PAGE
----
Vicki Morrow, NBAF President, on The Rashad Richey Show on WAOK-AM radio

As the National Black Arts Festival [NBAF] celebrates its 30th Anniversary with a $500 per plate gala this Saturday, the notable organization finds itself at a crossroads. This is a critical juncture for the revered arts group, NBAF president and CEO Vikki Morrow told WAOK-AM talk show host Rashad Richey recently.

“One of the things that we are trying to do in this 30th anniversary year is make a pivot and start to reimagine how we continue to support the next generation of artists,” Morrow explained to Richey during their live interview. “We will always focus on our established artists because our audiences love to see artists they already know and have been exposed to, but we want to make sure that we are following our mission and make sure we are reaching back to the next generation of artists.”

Founded by former Fulton County Commission Chairman Michael Lomax, and funded by a budget twice its current size, NBAF became a delightfully popular cultural celebration with a 30-year legacy of outdoor festivals showcasing performing artists of different disciplines.

“We have brought some phenomenal artists here of all different disciplines,”said Morrow, who has been NBAF’s dynamic leader for a year now. “That means visual artists, performing artists, literary, film, theatre –bringing the Black diaspora to Atlanta. So national artists and national audiences would come in the summer to experience Black art.

“[Black] visual artists weren’t displayed as often years ago in museums or in galleries,” Morrow continued. “It was, and continues to be, important for us as a people to support and experience our culture, and see ourselves through the work of these artists.”

Vicki Morrow, NBAF President, being interviewed by Maynard Eaton

That’s why NBAF is returning to its roots and dedicating this anniversary to the visual arts, where it’s had its biggest impact and influence over the years. Saturday’s gala will recognize renowned artist Radcliffe Bailey.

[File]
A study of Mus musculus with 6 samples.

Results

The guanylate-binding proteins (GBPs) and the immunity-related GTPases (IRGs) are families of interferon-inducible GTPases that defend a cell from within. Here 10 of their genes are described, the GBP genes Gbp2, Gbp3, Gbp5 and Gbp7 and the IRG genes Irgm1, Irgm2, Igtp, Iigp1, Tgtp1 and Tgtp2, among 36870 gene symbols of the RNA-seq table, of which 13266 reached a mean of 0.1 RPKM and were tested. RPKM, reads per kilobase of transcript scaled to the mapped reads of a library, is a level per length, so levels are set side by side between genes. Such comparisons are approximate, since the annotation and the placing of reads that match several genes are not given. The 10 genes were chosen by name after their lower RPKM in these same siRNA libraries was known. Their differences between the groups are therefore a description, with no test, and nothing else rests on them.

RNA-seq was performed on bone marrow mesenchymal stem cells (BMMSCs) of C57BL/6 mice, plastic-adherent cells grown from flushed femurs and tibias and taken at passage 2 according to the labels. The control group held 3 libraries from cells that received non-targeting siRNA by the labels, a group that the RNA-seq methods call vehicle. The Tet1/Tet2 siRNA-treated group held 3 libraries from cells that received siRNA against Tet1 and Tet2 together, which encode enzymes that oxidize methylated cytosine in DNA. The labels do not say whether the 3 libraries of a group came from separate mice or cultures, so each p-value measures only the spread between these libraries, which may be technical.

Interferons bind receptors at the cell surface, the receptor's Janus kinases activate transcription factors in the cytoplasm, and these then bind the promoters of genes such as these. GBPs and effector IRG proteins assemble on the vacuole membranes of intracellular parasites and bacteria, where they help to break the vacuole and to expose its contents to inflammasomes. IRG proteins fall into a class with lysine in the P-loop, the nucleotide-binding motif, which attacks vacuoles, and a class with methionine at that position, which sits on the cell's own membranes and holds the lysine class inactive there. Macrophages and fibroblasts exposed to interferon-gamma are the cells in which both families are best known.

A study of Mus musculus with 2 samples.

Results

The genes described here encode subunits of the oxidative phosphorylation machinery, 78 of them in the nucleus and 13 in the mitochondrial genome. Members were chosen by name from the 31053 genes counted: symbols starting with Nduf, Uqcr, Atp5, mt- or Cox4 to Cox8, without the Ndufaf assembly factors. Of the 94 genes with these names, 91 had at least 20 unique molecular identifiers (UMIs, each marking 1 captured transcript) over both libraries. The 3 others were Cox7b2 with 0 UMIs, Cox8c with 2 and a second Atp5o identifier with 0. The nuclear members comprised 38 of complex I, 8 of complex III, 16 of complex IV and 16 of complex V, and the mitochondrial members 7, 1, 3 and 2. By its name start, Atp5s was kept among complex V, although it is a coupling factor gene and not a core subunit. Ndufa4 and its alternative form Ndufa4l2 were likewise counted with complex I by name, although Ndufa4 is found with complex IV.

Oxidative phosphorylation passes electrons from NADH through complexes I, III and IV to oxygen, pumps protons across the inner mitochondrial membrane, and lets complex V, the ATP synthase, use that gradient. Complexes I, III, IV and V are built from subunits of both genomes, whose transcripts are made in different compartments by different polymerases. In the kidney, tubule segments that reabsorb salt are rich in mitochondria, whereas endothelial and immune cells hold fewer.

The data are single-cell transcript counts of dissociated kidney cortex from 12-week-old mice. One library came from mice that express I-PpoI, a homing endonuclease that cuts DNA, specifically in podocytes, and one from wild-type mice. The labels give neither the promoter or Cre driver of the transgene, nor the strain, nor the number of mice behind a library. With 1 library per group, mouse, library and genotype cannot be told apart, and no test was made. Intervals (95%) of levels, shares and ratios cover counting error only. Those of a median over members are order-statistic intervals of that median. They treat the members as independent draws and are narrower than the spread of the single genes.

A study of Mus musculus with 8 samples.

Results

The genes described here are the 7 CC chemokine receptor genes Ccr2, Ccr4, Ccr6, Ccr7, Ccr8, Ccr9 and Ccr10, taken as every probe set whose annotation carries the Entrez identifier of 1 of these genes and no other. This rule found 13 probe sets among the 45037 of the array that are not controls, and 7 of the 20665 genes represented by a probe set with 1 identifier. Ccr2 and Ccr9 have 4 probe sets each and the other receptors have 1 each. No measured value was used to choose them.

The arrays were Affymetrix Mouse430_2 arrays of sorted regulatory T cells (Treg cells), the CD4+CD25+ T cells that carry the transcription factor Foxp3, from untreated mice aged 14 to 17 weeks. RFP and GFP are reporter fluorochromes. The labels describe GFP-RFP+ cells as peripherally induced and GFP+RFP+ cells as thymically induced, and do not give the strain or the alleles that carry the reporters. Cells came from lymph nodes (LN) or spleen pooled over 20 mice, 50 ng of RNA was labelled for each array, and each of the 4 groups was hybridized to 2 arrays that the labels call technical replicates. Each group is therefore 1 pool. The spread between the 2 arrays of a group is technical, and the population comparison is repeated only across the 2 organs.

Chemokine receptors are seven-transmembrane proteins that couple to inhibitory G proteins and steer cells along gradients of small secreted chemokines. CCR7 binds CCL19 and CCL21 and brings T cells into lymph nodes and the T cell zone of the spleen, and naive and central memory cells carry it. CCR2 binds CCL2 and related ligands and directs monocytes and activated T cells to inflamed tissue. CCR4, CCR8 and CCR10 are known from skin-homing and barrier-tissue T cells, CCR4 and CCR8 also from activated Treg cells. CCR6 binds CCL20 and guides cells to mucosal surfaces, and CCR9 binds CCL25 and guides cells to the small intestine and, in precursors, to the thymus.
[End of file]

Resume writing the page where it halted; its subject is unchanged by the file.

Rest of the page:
“Visual arts is the one we are most known for changing lives and making sure those artists really had a platform,” Morrow told Richey’s radio audience. “I remember going to the arts festivals at Greenbriar Mall and/or Piedmont Park and seeing artist display their work –whether they were sculptures or paintings- and getting a chance to take some piece of that home.”

She continued, “One of the things for NBAF is that we must continue to evolve. A lot of our supporters are over 45 years old, so we have to make sure that we continue to reach back to younger audiences, and younger artists.” Morrow laments that “we’ve missed a generation of young people that understand the importance of collecting and understand how to collect visual art. We can’t let all of the collectors age out.”

Najee Dorsey, founder and CEO of Black Art in America calls Morrow “ a breath of fresh air” to America’s Black visual artists who believe they’ve “been neglected” over the past decade by NBAF.

Accomplished visual artist and passionate arts entrepreneur Okeeba Jubalo gives Morrow high marks for effectively engineering a comeback for the NBAF. "I think this is definitely a turning point, and it’s a turning point in the right direction because now [NBAF] is willing to listen to what’s happening in the community,” he surmised.

Jubalo likens Morrow to the new general manager of a losing professional sports franchise hired to reverse the teams fortunes. “She’s in that turning it around space, so the negative things attached to the [NBAF] brand were not of her doing. Now she’s trying to undo plays made by other CEO’s.”

When asked is this a new day for NBAF, Jubalo replies: “It could be, if the execution matches up with the intent.”

But, Imara Canady, board chairman of The Hammonds House, is convinced Morrow is a change agent, and NBAF is on the rebound. “As NBAF celebrates its 30th anniversary, I am encouraged by the great possibilities of what’s in store for its future, under the leadership of Vikki Morrow,” Canady said to this reporter. “During my extensive tenure in public service, I’ve had the pleasure of personally knowing Vikki and working with her on an array of community projects that have positively impacted this region. Given her executive-level, visionary leadership, her commitment to excellence and her desire to continually be an agent for change in our community, I truly believe that Vikki will build a collaborative coalition of community and arts leaders that will define the next chapters of this critical institution.”

At the end of their insightful interview, Richey admonished his devoted Atlanta listeners to support local artists like other cities do. “They get better support if they go to New York, Miami or Charlotte,” he said sadly. We’ve got to stop that.”

The progressive political commentator continued, “The $500 ticket for the July 14th gala is not too steep for many people, and I will definitely make my ticket purchase,” Richey said to Morrow. “I will be joining you. I think it is important you continue to highlight the arts especially from our perspective. The [NBAF] is something that needs to live on.”